The survey of 1,900 current and former students was released last week by the United Negro College Fund, the Center for Responsible Lending and the Center for Community Capital at the University of North Carolina at Chapel Hill. It examines the effects of student loan debt on HBCU students and graduates and Black students and graduates at other types of institutions.

Two-thirds of Black student borrowers used the federal Pell Grant to help them pay for their higher education, according to the survey. More than a third of Black borrowers received financial help from their families, and more than a fourth had parents who took out Parent PLUS loans, federal loans available to the parents of undergraduates, to help students afford college. At the same time, 30 percent of HBCU students reported providing financial support for family while in college.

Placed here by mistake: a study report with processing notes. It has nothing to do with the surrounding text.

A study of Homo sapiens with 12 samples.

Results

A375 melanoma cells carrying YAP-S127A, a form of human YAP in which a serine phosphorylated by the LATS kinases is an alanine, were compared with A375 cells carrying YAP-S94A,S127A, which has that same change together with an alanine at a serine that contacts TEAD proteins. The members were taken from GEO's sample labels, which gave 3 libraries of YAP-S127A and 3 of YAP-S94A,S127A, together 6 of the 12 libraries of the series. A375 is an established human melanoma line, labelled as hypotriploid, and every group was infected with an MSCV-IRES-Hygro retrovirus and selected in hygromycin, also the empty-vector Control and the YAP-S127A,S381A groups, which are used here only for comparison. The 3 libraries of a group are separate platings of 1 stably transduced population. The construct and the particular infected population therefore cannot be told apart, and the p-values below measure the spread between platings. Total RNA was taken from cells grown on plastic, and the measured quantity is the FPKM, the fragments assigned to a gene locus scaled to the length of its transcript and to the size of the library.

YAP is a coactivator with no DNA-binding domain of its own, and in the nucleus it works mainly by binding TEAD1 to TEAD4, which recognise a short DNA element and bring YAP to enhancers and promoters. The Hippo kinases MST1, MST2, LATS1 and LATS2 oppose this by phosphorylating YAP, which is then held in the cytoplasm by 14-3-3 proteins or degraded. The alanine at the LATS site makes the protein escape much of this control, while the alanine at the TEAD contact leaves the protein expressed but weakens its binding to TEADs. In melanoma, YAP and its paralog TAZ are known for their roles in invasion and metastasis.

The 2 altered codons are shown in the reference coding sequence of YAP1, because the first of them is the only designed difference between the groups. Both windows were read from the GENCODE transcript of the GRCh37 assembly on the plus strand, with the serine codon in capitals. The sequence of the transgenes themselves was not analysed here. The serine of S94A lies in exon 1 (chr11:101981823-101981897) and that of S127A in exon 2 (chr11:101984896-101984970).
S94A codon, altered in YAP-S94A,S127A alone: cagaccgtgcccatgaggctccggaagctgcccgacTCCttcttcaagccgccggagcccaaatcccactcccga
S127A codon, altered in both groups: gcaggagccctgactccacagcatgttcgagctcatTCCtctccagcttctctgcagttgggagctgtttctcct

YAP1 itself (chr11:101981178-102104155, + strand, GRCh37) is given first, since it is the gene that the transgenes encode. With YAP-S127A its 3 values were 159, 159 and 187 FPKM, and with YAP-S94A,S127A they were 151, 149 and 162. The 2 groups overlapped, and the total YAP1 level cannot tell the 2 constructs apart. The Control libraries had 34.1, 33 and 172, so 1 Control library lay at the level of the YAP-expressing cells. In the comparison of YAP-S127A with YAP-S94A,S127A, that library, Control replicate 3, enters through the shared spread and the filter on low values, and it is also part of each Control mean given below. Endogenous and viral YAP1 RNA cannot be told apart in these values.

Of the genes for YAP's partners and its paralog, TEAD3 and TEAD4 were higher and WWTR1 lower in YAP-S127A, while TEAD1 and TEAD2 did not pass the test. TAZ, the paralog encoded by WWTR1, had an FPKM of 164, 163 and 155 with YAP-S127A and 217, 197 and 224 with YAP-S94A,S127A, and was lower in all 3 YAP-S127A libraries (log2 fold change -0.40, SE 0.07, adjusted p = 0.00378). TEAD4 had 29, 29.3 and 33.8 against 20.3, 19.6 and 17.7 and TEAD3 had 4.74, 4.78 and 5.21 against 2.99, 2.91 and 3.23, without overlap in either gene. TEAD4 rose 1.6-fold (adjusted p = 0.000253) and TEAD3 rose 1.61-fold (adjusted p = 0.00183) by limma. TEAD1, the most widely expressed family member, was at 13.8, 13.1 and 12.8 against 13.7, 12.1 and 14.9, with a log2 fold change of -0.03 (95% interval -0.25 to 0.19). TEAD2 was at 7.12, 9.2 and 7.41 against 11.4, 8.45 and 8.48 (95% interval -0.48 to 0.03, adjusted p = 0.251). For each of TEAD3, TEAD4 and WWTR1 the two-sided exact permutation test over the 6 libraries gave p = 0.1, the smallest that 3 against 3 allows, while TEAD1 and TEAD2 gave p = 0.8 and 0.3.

Black women were more likely than Black men to lack financial support from family. About 15 percent of Black men reported receiving no financial help from family, while about 35 percent of Black women reported receiving no family financial assistance.

The survey also found 85 percent of Black respondents are in favor of forgiving $50,000 in student loan debt across the board per student borrower.

North Carolina representative Alma Adams, founder and co-chair of the Congressional Bipartisan HBCU Caucus, responded to the survey during a Facebook Live event Tuesday, Yahoo News reported. She said the underfunding of HBCUs relative to predominantly white institutions contributes to the heavy student loan debt burdens held by Black students.

“The history of HBCUs is one of triumph over adversity,” Adams said. “Our institutions have had to overcome historic underfunding compared to PWIs, and they’ve endured the legacy of Jim Crow.”